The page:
The Bibby Stockholm: savings or symbolism?

The Bibby Stockholm: savings or symbolism?


A barge to house asylum seekers arrived on the UK’s south coast last week. The government says it’ll help save money on accommodation costs, but is it really about politics?

The Bibby Stockholm, a floating accommodation barge, arrived at a port on England’s south coast last week. The barge landed at Portland, near Weymouth in Dorset, on Tuesday. The government’s plan is to house 500 asylum seekers there. 

The government says that part of the plan is to save money. At the moment, 51,000 asylum seekers are housed in hotels around the country. Each hotel bed costs the government more than £100 a night bringing the total cost of housing asylum seekers in hotels close to £6 million a week. Rishi Sunak told Sky that barges and other accommodation sites will “reduce pressure on hotels” and “save money”. 

But to more sceptical observers, this looks like a play for votes by the Conservatives. Across the UK, nearly 60 per cent of Conservative voters think that immigration and asylum are among the most important issues facing the country. To keep their support, the Conservative party is doubling down on its “tough on migration” stance.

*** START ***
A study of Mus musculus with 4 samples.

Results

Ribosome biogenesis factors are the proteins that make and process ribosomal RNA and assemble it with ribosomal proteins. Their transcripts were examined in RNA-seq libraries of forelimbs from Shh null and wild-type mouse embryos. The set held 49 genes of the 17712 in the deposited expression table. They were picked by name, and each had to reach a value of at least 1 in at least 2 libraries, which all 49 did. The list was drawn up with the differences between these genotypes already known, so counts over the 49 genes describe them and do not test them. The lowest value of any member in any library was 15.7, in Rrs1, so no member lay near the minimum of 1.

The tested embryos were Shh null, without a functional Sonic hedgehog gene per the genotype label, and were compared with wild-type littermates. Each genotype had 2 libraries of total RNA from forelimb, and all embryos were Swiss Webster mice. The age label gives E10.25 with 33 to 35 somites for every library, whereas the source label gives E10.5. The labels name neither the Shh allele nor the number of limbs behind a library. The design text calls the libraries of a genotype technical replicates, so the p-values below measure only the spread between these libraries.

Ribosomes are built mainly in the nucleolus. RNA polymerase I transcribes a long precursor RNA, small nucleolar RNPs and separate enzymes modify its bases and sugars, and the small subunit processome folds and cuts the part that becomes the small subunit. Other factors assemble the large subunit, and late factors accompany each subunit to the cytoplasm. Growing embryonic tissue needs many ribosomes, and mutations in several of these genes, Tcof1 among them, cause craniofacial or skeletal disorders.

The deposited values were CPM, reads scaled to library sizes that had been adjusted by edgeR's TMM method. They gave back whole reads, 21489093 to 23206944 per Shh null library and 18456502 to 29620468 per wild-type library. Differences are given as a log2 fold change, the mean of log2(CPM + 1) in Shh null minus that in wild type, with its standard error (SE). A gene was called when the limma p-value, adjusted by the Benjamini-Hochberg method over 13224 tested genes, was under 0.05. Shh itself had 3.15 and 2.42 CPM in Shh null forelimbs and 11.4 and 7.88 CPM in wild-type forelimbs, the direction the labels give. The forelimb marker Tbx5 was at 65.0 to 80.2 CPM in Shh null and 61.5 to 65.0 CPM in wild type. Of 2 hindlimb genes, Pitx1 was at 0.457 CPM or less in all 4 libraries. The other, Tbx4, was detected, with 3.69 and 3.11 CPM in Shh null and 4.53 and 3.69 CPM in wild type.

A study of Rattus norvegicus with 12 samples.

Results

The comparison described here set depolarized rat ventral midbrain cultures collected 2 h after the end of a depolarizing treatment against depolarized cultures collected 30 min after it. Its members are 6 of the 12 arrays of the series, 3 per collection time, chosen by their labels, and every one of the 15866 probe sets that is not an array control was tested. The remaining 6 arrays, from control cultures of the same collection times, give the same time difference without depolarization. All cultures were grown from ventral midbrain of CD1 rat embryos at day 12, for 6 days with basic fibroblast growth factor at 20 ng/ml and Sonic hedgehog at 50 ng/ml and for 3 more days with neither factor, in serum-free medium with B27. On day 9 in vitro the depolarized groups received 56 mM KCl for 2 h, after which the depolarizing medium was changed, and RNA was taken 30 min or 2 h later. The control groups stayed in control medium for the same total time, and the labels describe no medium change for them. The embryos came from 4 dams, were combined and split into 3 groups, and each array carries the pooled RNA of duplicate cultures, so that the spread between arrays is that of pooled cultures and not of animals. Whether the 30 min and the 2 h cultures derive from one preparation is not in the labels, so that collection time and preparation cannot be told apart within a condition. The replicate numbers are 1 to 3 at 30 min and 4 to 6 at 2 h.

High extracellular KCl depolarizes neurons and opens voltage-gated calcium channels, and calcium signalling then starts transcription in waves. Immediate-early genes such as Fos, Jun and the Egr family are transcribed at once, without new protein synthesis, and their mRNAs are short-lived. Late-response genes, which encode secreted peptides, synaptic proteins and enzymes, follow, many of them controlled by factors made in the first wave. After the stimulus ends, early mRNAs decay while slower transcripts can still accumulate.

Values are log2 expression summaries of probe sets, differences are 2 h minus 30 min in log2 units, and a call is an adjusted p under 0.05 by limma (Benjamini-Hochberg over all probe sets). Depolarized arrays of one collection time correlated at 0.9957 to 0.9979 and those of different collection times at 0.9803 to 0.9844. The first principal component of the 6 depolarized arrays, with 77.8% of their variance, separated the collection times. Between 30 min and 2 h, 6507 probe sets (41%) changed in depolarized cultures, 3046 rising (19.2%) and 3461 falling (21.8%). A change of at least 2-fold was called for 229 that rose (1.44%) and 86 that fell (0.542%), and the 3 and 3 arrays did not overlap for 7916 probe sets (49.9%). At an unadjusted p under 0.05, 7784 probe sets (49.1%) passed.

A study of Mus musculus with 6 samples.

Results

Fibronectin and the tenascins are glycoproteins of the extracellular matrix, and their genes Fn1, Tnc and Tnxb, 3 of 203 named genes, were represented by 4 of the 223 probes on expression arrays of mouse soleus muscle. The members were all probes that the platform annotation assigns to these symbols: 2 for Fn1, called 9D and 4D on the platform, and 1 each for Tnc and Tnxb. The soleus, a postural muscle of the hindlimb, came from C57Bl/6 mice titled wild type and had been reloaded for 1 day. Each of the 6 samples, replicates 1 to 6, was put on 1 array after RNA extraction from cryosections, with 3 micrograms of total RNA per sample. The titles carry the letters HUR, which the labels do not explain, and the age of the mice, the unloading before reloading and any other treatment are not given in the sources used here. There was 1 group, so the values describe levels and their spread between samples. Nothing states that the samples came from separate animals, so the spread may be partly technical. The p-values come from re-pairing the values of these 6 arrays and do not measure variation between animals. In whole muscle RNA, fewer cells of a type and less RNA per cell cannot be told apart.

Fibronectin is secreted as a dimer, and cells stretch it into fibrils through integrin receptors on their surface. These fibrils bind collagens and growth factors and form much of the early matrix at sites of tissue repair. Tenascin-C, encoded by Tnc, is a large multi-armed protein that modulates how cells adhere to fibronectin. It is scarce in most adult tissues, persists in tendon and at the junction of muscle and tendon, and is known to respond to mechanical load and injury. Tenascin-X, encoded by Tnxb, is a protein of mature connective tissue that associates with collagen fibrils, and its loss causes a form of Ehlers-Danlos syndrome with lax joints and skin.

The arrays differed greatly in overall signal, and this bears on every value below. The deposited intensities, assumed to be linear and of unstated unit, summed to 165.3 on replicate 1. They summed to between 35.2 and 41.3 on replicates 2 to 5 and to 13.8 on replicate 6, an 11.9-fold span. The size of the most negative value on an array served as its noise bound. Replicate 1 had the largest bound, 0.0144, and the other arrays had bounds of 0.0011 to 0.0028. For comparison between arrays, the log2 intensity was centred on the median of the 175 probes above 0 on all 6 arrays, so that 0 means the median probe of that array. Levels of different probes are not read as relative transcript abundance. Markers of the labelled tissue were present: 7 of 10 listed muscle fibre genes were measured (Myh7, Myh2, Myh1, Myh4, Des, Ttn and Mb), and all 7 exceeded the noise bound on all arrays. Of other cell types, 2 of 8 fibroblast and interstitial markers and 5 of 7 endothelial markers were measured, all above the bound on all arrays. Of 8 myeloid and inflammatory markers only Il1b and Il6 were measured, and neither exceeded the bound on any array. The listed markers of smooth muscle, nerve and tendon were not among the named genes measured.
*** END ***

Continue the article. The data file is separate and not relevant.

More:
Migration charities say that any savings from the barge plan will not be significant. According to one estimate by Reclaim the Seas and One Life to Live, the plan to house people on the barge will save a maximum of £9.28 per person per day. 

Refugee organisations say that any cost savings will come at the expense of the wellbeing of asylum seekers as conditions on the barge are likely to be cramped. The vessel was initially designed to house 222 people in single-occupancy rooms, but additional beds have been added to increase that number to more than 500. Asylum seekers resident there will also have little to do and little money: asylum seekers will be entitled to an allowance of £9.10 per week, instead of the usual £45, because all catering will be provided on site. 

Opposition to the barge has been widespread in the Portland community. The local Conservative MP, Richard Drax, says that Portland, a small seaside community, is “entirely unsuitable” for the barge. The town’s mayor and the local council also disagreed with the plans to dock the Bibby Stockholm there. 

Today’s episode was written and mixed by Ella Hill.